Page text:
Yesterday I wrote about why it’s hard to disciple adults. Today, I’d like to illustrate my point with an experience trying to disciple a man I’ll call “John” a few years ago.
I looked at John and loved his potential. He was a sharp business executive who openly shared his struggles with pornography and divorce. He told me about how his life was going and sought my advice. We were forging a good friendship and I thought I was making a difference in his life.
But one day, he did something I disagreed with and I had a chance to see if I had any authority in his life. What John did was innocent enough: He fell in love with a woman on the west coast, but his response had severe ramifications. He decided to move there, leaving his teenage daughter in the care of his non-Christian ex wife. His daughter needed him in her life. She needed his love and stability.
I told John it was a bad idea and that he shouldn’t do it. “You have an obligation to your daughter to be there,” I said.
Unfortunately, that was the last time we communicated. He was going to do what was right for him at the time. I checked with another accountability guy in John’s life and he agreed with me. I pray for John and pray that his daughter is not wounded by the experience. I don’t think it will end well.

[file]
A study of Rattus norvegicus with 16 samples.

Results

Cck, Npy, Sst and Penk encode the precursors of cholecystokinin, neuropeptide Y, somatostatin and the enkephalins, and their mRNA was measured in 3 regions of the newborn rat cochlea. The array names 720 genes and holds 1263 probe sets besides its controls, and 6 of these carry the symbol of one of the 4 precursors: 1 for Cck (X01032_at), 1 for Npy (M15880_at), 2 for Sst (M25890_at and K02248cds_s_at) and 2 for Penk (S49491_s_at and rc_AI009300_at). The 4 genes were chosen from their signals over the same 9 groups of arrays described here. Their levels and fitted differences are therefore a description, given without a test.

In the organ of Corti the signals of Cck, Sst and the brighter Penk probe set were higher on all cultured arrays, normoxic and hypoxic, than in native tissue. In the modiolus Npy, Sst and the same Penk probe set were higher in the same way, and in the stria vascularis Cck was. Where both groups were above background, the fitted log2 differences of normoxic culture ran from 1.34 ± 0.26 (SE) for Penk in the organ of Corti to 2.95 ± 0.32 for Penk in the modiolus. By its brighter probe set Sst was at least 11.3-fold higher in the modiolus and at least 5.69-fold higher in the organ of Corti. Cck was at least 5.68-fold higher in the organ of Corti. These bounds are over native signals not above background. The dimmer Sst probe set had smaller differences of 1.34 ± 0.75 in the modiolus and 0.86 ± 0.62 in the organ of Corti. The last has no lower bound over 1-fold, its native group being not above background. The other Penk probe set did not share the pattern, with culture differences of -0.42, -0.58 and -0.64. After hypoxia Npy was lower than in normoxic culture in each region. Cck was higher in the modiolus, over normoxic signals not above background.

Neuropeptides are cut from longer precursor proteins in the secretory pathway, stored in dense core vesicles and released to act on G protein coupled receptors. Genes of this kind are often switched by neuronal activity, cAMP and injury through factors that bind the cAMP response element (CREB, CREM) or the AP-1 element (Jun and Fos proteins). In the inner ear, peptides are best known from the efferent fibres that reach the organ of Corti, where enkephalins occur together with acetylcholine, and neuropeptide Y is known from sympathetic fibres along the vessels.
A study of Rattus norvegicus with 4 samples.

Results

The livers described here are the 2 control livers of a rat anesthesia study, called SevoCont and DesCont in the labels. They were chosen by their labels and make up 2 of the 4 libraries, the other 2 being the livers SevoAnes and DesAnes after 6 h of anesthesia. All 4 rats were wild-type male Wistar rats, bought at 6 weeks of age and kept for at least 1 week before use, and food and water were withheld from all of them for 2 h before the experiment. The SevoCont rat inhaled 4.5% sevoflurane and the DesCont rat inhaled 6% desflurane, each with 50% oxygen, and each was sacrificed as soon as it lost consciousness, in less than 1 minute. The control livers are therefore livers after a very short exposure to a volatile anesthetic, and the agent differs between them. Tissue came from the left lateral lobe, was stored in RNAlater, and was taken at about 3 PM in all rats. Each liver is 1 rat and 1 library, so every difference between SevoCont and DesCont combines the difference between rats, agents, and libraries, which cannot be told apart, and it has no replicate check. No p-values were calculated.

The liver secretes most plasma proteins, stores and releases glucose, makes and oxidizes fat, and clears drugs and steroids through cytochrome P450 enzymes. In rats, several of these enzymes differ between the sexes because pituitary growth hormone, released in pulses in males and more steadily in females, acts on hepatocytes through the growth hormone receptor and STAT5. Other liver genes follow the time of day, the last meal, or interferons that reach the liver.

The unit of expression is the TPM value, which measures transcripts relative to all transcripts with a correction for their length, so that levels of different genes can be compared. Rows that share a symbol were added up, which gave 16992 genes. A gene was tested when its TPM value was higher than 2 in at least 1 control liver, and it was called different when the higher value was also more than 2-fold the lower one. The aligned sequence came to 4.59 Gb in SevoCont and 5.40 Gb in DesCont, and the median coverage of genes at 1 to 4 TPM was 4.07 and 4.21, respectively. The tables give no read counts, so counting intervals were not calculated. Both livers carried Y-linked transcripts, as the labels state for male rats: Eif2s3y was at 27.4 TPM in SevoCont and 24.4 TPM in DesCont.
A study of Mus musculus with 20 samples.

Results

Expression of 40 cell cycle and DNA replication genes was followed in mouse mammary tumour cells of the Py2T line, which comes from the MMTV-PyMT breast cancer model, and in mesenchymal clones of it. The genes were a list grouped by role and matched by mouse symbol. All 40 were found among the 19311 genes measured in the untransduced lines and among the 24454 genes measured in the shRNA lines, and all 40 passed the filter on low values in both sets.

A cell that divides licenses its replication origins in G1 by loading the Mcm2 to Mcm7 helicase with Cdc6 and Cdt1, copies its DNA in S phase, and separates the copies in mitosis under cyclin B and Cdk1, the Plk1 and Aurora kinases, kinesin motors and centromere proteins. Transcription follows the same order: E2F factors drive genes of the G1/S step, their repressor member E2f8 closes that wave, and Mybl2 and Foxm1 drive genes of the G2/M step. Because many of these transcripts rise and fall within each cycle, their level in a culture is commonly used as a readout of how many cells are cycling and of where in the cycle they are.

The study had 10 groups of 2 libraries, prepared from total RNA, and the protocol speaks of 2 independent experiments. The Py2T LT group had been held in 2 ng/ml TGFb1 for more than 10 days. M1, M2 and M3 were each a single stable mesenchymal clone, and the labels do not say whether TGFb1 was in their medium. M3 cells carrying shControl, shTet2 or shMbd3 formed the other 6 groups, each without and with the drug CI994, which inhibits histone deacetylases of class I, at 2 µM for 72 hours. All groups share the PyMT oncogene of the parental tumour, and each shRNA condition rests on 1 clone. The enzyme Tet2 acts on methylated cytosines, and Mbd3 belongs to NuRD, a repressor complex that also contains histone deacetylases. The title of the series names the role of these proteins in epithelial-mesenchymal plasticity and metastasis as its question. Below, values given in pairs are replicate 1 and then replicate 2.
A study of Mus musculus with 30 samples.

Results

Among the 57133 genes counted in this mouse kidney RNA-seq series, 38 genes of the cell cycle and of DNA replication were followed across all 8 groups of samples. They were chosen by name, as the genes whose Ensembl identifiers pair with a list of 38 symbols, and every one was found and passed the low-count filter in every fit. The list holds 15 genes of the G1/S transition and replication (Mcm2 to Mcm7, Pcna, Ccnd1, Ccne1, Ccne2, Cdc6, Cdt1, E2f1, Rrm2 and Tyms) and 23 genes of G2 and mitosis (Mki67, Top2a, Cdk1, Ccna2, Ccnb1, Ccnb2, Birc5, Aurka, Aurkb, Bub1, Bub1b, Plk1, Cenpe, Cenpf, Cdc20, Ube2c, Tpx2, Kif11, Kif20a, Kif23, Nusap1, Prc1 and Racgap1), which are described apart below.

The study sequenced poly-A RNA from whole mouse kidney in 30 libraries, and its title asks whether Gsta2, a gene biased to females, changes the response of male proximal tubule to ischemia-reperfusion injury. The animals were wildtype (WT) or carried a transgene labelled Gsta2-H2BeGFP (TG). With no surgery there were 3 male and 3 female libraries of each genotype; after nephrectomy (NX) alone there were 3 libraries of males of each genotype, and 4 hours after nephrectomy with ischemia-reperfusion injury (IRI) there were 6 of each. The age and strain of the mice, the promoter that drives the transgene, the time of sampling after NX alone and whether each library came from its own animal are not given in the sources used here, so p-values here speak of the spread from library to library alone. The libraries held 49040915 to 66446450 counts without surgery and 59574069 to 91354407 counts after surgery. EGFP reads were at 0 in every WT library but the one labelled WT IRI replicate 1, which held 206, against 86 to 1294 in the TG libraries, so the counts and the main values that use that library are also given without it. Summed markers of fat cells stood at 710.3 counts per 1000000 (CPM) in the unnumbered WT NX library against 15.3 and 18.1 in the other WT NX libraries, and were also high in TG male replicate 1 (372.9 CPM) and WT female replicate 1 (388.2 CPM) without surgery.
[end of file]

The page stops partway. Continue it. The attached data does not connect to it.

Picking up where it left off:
What did I learn? For one thing, potential by itself is not enough if a person is to grow spiritually. When rough sledding comes, most people are going to struggle to do the thing that, though right, is still very hard. Only when they have pre-committed to trust their spiritual coach can the coach exercise the authority in their lives to guide them down the path of growth.
Peter Lord calls this category of people “the goers.” When I asked Dr. Lord where he intended to focus the remainder of his life (being in his 70’s), he said, “I’m going to go with the goers.”
Now hear me right on what I’m about to say, because I believe in hanging out and I have learned that there is no short-cutting the time-intensive trust-building process. But there’s a balance we must strike. If your goal is to facilitate spiritual growth, what a time waster it is to hang out just hoping to build trust; only to discover that you have none – no trust and no authority.
Better to be more intentional in seeking goers and go with them, testing your authority in their lives, as Jesus did with his disciples, early and often. Too many of us are timid in this regard – afraid of rejection, afraid of the power and influence that Jesus asked us to wield.
As I redeem the days God has given me, I’m going to hang with guys who want to grow – I’m going to go with them.